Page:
When you can take your selfie stick and zip videos of your protest to Instagram, who needs news photographers? In a world of self-publication, we don't need press anymore. Do we?
That's the question I can't get out of my head after watching videos of protests over racial issues at the University of Missouri last month. Maybe it's because I work at a university and live in a university town.
After the president of Mizzou stepped down Nov. 9, the press swarmed onto the university campus to cover student protests. One of those journalists was a student taking photos for ESPN. A woman affiliated with the university and its journalism department ordered him to leave. She told him he should respect protesting students' right to be left alone. He replied that they had a First Amendment right to express themselves and he had the same right to document it.
The video of that confrontation went viral, at least among those of us in the journalism world, partly because it took place on the campus of one of the top four journalism schools in the country. But I couldn't help wondering what triggered the confrontation.
Generally, the challenge for any protest is to get press. Lots of press is often the mark of a successful protest. That's what I thought, anyway. Why would you not want press?
Censorship on college campuses is a problem. In April 2014, after a Fed Ex truck tragically crashed into a bus carrying high school kids to Spring Preview at Humboldt State University, mid-level administrators at HSU tried to keep student journalists from interviewing prospective students on campus. University employees and student athletes at HSU are routinely told they need permission to talk to the press.
Top down censorship is nothing new. Bottom up censorship — that's different.
In the 1950s and early 1960s, civil rights leaders planned protests they knew would end up violent in order to get the attention of the national press. Martin Luther King knew that, without press coverage, governments and businesses wouldn't end Jim Crow laws and practices. Rosa Parks was strategically chosen as the person to refuse to leave her bus seat in Montgomery, Alabama, because she was seen as press-acceptable.
It has always been a struggle for popular movements to get press coverage. In the spring of 2004, then-San Francisco Mayor Gavin Newsom decided to issue marriage licenses to gay couples. About 4,000 couples lined up at city hall over the next month. Two friends who stood on that line told me about a reporter from a New York newspaper. He went down the line yelling this question: "Anyone from New York?" It wasn't enough that thousands of gay people would get married for the first time in this country. He needed a local angle to get the story on the front page of his paper.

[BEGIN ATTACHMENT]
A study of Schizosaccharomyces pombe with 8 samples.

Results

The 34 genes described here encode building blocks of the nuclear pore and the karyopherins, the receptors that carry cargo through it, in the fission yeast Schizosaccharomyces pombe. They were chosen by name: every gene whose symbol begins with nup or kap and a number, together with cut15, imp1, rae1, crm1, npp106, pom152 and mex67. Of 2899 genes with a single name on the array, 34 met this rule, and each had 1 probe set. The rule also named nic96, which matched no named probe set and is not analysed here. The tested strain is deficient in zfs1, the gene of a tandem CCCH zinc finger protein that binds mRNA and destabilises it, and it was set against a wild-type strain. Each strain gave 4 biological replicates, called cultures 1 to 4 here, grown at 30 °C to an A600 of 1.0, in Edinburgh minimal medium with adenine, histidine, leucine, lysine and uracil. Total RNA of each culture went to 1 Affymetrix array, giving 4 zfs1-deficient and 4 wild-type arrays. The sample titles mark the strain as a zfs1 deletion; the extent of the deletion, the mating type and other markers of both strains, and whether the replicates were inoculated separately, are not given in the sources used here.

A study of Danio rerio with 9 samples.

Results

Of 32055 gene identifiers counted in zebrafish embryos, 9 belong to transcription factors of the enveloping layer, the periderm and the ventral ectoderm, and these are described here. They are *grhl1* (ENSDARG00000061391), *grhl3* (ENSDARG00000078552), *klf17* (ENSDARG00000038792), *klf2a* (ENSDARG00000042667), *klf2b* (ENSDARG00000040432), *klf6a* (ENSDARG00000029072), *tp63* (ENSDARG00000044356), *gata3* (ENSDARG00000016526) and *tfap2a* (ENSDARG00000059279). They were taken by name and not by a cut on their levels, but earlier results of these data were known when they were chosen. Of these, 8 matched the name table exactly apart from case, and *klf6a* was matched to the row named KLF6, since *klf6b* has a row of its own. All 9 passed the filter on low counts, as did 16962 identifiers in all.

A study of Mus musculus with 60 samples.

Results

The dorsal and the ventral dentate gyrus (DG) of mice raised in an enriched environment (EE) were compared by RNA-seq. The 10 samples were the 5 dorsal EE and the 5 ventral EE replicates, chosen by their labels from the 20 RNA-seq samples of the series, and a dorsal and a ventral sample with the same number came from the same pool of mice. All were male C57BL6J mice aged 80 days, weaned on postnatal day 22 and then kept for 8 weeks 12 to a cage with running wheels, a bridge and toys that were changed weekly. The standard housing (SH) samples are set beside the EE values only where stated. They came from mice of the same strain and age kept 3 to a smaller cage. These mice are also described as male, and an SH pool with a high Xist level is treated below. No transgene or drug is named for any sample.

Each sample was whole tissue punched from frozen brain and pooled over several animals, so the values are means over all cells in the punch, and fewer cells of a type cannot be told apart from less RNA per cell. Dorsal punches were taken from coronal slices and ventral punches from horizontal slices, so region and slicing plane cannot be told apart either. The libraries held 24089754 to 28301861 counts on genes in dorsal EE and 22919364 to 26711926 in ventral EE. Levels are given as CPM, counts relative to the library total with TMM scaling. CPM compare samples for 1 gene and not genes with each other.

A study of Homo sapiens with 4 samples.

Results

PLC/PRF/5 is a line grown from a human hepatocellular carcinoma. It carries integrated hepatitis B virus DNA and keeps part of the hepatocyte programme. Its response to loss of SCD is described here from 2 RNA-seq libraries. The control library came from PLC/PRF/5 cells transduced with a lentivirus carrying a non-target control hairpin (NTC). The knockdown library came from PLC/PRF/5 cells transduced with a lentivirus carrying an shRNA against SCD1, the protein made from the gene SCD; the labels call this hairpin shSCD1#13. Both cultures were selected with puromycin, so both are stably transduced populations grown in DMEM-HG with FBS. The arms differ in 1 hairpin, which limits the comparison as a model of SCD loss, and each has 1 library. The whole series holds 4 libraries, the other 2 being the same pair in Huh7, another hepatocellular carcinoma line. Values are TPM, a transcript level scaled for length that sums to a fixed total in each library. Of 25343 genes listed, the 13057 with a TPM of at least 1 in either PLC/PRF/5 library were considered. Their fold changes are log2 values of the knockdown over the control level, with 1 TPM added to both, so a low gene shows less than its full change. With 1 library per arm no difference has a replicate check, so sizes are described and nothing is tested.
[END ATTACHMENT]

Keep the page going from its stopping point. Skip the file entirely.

The coverage San Francisco got that month helped generate national momentum over the next decade that led to the U.S. Supreme Court declaring the ban on same-sex marriage unconstitutional.
So why would someone at Missouri turn away a photojournalist from arguably the most popular news network in the world? In Missouri you might dislike the New York Times, but who dislikes ESPN?
There is a dangerous myth out there. Because some photos and videos go viral — reaching millions of viewers — we think that any one photo or video can. People think they have the power to generate their own publicity. But take a look at the videos that go viral — CNN has a page just for that. Few are newsy. Most are the equivalent of the skateboarding dog.
It's like the great Lotto myth: Because someone always wins the Lotto, you could. But the reality is that almost any other event in life is more likely to happen than you winning the Lotto.
The protests at the University of Missouri got little attention at first. Because the university was ignoring cries from students to address severe racial problems, student Jonathan Butler started a hunger strike on Nov. 2. But it took the local paper, the St. Louis Post-Dispatch, four days to notice. The national press wouldn't turn its eye until Nov. 8, when 30 players on the university's football team announced they would boycott practices and games. That's why ESPN wanted photos of the protest. Selfies and Twitter and Facebook posts didn't get Butler the attention he needed.
Maybe the myth of virality has created two dangerous trends. The first is the idea that you don't need the press to tell the world your story. The other is the belief of many in the press that a story isn't worth doing unless it has the potential to go viral; that protests by students of color at a major university and a hunger strike by one no-name guy aren't big enough stories to be worth the time, effort and web space to report.
I think there is a reason that our Founding Fathers stuffed so many rights into the First Amendment. They could have given speech, press, religion, petition and assembly their own amendments. I think they realized that the right to petition and assemble to protest government action or inaction has little value if people don't hear about the protests or petitions. There is a reason that dictators try to control or silence the press when they first seize power. Protests can be tolerated if few hear of them.
Videos posted to the Internet can force change when they get the attention of the national and world press. When the First Amendment rights of free press and free assembly coincide, things start to happen. But when people demanding change push away press, they just feed those in power. You can talk truth to power all you want. But if what you say doesn't end up in the news, you might as well be talking to yourself.
Marcy Burstiner is chair of the Department of Journalism and Mass Communication at Humboldt State.